What Is Qi?

Qi is life force energy.

There are many different categories of Qi – Meridian Qi flows through the body, Wei Qi flows around the body.  Some Qi is congenital (what you are born with) and some Qi is acquired (energy received from foods, herbs, the breath).

Any energy that exists in the universe can be replenished or transmuted using Qi.  A Qigung master has the ability to summon and “push” Qi to influence and awaken energy in and around others.  This energy can be used to heal or change internal and external conditions in and around the body. Dr Leary works specifically with clients to awaken and strengthen their flow of Qi for self-healing.

Here is a brief overview of the different types of Qi (excerpted from Dr. Leary’s book Traditional Oriental Medicine Now):

Chi, Qi or Ki: The life force that connects all things.  The definition of Qi is not a simple translation, it is impossible to capture the concept fully in one word or phrase, as it encompasses a wide variety of manifestations.  The universe is composed of Qi, but it is neither matter nor energy, but a combination of both. Qi has been translated as “energy,” “vital energy” or “life force.” In other types of medicine it can be called electricity, Prana, Bio-electric current, or the spirit.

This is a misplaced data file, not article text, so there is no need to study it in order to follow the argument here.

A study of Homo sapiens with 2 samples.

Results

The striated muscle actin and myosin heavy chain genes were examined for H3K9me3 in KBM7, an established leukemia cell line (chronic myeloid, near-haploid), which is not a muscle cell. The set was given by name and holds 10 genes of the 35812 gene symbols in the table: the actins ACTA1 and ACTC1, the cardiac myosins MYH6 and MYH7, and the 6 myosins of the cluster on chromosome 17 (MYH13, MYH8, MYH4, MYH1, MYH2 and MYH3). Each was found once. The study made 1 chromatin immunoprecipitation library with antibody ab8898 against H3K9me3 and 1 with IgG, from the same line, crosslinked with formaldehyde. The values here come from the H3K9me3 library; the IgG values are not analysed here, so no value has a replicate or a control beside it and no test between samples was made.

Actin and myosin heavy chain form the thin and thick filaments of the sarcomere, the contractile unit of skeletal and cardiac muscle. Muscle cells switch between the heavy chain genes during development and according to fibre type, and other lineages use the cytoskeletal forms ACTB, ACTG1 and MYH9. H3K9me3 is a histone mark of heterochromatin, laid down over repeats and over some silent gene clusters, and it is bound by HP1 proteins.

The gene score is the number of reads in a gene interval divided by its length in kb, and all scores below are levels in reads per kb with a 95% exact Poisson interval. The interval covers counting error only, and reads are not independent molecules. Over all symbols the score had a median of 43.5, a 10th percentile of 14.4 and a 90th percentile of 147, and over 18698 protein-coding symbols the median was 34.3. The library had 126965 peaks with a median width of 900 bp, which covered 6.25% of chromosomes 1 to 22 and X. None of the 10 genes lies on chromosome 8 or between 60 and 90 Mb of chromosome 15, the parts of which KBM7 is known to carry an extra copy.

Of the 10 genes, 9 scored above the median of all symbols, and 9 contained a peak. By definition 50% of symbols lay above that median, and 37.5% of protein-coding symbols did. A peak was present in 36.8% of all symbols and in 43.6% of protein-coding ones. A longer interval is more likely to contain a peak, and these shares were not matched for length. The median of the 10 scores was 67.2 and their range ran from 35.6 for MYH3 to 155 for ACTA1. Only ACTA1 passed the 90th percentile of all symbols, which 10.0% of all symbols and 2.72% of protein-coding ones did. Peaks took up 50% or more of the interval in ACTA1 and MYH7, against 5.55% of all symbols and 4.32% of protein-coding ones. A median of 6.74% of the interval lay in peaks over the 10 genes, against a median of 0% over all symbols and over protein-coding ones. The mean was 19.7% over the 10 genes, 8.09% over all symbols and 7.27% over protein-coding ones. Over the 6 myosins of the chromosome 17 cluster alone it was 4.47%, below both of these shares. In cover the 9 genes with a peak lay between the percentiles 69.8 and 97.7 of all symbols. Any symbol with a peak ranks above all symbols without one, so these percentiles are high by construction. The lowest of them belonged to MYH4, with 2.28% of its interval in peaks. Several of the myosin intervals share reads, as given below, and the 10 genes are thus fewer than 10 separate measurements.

Blood: Connective tissue substance that transports oxygen and nutrients to tissue and carries away waste products.

Jing: Essence is the body’s reproductive and regenerative substance. Essence regulates growth, development, reproduction, and promotes and works with Qi to help protect the body from external factors.

Jin Ye: Body fluids are the liquids, which protect, nurture, and lubricate the body in conjunction with the blood.

Yin: The conservative side of the theory of balance in all things.

Yang: The constructive side of the theory of balance in all things.

Congenital Qi: This Qi represents the basic constitution we are born with; it is essentially limited in quality and amount.

Acquired Qi: Derived from the foods we eat and the air we breathe. The quality of acquired Qi depends on our lifestyle, food quality, balance of emotions and physical exercise.

Yuan Qi: Original Qi is also known as Prenatal Qi, it is inherited at conception. It includes a combination of Gu Qi and Kong Qi that influences this type of Qi. The organ associated with this Qi is the Kidneys.

Gu Qi: Comes from the food we eat. The main organ associated with this process is the Spleen.

Kong Qi: Comes from the air we breathe, and the main organ associated with this process is the Lung.

Zong Qi: Gathering Qi, Gu Qi and Kong Qi mix together to   form this Qi.

Jingluo Zhi Qi: Meridian Qi, when Zhen Qi flows through the channels or meridians of the body.

Zang fu Zhi Qi: Organ Qi, when the Zhen Qi flows through each of the various organs of the body, the Qi functions with respect to the characteristics of that organ. Zang is the same as Yin and Fu is the same as Yang.

Wei Qi: Defensive Qi circulates on the outside of the body and protects it from external causes that might give rise to illness.

Ying Qi: Nutritive Qi is essential in the process of nourishing all the tissues of the body.

Zhen Qi: Upright or Correct Qi becomes the Qi that circulates through the channels and organs of the body.


Excerpted from Dr. Leary’s book, Traditional Oriental Medicine Now, (c) 2007.